How Far Behind Does Child Support Get Before a Warrant Is Issued?

patrickcrawford | December 8, 2023

While there isn’t necessarily a set amount of back child support that will trigger a warrant being issued. Legally speaking, even failing to pay $1 in child support is against the law. Maryland Code of Family Law section 10-203 is rarely going to be enforced like that, but that is the letter of the law. This statute is more concerned with willful failure to pay child support rather than falling on hard times financially. If someone who has been ordered to pay child support has lost his or her job or has become unable to work due to injury, arrangements will be made. However, if you owe child support, have the money, and have simply failed to pay it, yes, a warrant for contempt of court can be issued. 


As discussed in our article “What Happens If You Don’t Pay Child Support in Maryland,” the penalty for owing back child support can include three years in prison, a fine, and probation or community service. These are just criminal penalties; there can also be civil penalties for failure to pay child support.


What Does the Maryland Court Do About Back Child Support?

The court, in conjunction with the CSA (Child Support Administration), can do any of the following to collect back child support and punish the non-paying parent:


  • Petition the court to hold the non-paying parent in contempt
  • Garnish the non-paying parent’s wages
  • File a Motion to Compel 


How the Child Support Administration Collects Back Child Support in Maryland

Much like a collection agency, the CSA can use a wide variety of tools to collect unpaid child support (either late payments or partial payments). The CSA’s entire purpose is to ensure that child support gets to children. Because of that, they have more tools than a family law judge alone. Think of the CSA as the police officers of child support. Working in tandem, the court and the CSA can:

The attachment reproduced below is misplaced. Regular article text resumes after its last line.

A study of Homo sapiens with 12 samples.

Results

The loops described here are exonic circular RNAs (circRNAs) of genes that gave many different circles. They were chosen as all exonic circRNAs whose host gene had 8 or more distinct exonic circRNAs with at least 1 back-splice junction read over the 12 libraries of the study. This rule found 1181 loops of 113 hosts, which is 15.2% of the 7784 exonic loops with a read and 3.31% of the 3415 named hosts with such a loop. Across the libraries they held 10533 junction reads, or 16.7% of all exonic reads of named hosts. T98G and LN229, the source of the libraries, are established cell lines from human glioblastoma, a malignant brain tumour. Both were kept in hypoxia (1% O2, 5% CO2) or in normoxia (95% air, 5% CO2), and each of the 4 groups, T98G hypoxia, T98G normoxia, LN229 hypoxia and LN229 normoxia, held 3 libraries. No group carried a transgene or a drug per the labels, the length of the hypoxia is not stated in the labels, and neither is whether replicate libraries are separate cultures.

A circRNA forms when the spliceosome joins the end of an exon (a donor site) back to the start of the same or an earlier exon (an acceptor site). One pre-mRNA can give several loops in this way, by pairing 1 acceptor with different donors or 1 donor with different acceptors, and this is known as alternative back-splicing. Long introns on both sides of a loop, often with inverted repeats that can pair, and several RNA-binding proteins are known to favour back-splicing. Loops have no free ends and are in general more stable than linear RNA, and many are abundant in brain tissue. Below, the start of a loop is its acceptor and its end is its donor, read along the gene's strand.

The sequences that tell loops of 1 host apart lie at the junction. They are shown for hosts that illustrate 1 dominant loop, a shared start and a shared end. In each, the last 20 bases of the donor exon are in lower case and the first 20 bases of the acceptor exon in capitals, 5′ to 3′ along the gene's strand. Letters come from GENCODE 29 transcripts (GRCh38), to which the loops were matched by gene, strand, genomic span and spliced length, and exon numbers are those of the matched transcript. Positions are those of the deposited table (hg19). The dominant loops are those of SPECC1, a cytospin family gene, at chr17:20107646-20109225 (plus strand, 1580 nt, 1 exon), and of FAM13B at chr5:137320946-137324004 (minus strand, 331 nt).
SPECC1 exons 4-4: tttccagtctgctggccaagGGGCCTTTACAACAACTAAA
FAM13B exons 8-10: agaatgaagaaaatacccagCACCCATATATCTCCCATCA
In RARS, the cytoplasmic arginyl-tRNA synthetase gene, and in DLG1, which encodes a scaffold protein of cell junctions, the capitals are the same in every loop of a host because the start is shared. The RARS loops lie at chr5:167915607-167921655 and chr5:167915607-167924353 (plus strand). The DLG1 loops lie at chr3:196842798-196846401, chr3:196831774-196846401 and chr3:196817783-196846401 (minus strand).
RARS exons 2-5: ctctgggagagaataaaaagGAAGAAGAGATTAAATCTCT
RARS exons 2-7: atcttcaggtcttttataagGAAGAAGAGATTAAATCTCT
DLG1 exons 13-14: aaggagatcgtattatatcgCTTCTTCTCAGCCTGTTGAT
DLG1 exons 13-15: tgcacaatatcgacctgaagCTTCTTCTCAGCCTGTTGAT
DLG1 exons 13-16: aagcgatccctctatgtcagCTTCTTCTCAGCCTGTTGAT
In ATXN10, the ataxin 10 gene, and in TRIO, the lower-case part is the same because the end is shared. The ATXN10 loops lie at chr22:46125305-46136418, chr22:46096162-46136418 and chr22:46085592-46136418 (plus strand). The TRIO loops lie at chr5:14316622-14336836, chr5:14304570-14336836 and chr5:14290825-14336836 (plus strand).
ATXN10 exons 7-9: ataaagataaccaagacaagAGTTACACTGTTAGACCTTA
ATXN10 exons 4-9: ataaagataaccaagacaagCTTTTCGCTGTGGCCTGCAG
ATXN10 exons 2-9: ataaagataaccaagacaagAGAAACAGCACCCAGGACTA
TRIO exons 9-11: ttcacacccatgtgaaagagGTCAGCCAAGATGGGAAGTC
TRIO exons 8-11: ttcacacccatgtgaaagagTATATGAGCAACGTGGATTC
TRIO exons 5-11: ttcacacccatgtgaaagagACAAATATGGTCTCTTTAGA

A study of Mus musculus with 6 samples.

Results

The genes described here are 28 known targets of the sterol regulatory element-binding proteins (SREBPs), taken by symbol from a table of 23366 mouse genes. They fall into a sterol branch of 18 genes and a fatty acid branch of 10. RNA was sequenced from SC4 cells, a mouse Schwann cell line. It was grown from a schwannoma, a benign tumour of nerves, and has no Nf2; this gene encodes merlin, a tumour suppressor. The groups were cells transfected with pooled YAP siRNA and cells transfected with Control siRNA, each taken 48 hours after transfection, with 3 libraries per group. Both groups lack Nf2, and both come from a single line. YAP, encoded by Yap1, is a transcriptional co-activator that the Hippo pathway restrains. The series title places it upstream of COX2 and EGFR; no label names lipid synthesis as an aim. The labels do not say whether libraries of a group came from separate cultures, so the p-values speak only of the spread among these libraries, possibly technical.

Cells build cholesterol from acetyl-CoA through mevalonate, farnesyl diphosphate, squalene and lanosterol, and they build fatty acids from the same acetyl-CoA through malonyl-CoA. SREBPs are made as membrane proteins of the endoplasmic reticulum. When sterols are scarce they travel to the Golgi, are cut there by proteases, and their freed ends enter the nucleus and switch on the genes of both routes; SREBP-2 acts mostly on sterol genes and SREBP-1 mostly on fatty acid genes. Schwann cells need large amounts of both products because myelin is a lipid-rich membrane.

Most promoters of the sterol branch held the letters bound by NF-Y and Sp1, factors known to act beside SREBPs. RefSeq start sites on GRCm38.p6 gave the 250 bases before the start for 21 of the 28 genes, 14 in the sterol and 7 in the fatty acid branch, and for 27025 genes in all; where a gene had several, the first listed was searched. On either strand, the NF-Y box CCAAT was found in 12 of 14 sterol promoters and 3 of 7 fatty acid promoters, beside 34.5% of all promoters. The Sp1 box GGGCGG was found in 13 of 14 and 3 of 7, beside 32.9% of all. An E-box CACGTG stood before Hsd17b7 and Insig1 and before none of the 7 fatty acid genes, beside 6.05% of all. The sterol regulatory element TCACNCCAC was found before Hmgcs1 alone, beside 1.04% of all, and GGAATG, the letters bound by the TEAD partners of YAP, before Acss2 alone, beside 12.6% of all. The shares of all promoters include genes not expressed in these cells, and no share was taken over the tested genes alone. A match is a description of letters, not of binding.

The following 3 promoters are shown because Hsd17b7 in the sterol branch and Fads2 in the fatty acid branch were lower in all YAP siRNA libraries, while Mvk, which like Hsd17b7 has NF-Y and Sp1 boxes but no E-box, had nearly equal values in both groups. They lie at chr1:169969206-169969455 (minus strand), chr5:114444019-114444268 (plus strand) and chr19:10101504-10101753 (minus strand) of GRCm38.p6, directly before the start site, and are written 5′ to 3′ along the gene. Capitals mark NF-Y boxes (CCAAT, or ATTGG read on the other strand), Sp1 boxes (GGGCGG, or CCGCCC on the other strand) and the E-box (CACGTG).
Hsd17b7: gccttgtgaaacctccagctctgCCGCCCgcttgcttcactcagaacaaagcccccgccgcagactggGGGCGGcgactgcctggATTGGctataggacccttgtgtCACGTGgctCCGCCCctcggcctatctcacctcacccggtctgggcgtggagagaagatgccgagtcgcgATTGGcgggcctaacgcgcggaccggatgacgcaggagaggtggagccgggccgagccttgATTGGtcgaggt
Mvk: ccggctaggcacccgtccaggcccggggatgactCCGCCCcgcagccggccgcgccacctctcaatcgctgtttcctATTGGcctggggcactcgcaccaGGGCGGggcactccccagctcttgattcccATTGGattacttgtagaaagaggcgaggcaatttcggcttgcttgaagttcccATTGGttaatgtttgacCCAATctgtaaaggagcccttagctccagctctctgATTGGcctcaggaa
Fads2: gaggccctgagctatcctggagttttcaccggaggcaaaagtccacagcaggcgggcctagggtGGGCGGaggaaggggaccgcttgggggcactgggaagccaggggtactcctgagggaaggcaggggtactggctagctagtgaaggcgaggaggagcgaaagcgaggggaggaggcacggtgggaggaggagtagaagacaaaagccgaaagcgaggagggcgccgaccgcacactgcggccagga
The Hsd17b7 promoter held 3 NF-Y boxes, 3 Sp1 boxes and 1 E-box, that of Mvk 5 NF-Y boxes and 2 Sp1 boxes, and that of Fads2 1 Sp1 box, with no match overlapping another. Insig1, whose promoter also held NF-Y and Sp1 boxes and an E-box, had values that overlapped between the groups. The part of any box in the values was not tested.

• Have the non-paying parent’s driver’s license suspended
  • Deny the non-paying parent’s passport renewal or issuance.
  • Garnish the non-paying parent’s bank accounts in addition to wages.
  • Seize any of the non-paying parent’s lottery winnings.
  • Petition to have the non-paying parent’s professional licenses revoked (contractor’s license, dentistry license, etc.)
  • Intercept the non-paying parent’s federal or state tax refund.
  • Withhold back child support from the non-paying parent’s Workers Compensation awards and unemployment pay-outs
  • If the non-paying parent moves out of state while owing back child support, the CSA can refer you for federal prosecution.
  • Have a lien placed on the non-paying parent’s house or personal property, meaning when the parent tries to sell the house, the escrow company must send the back child support amount to the custodial parent first.
  • Notify the non-paying parent’s new employer that he or she owes unpaid child support.
  • Report the non-paying parent to the three credit bureaus.
  • Seize the non-paying parent’s assets.

Schedule Your Maryland Child Support Lawyer Consultation! 

The Law Office of Patrick Crawford is an Annapolis family law firm handling everything from child support to QDROs. We’d love to assist you in navigating the often rocky child support and custody terrain. Whether you need an order modified or just have questions, call (410) 216-7905 to schedule your free consultation today.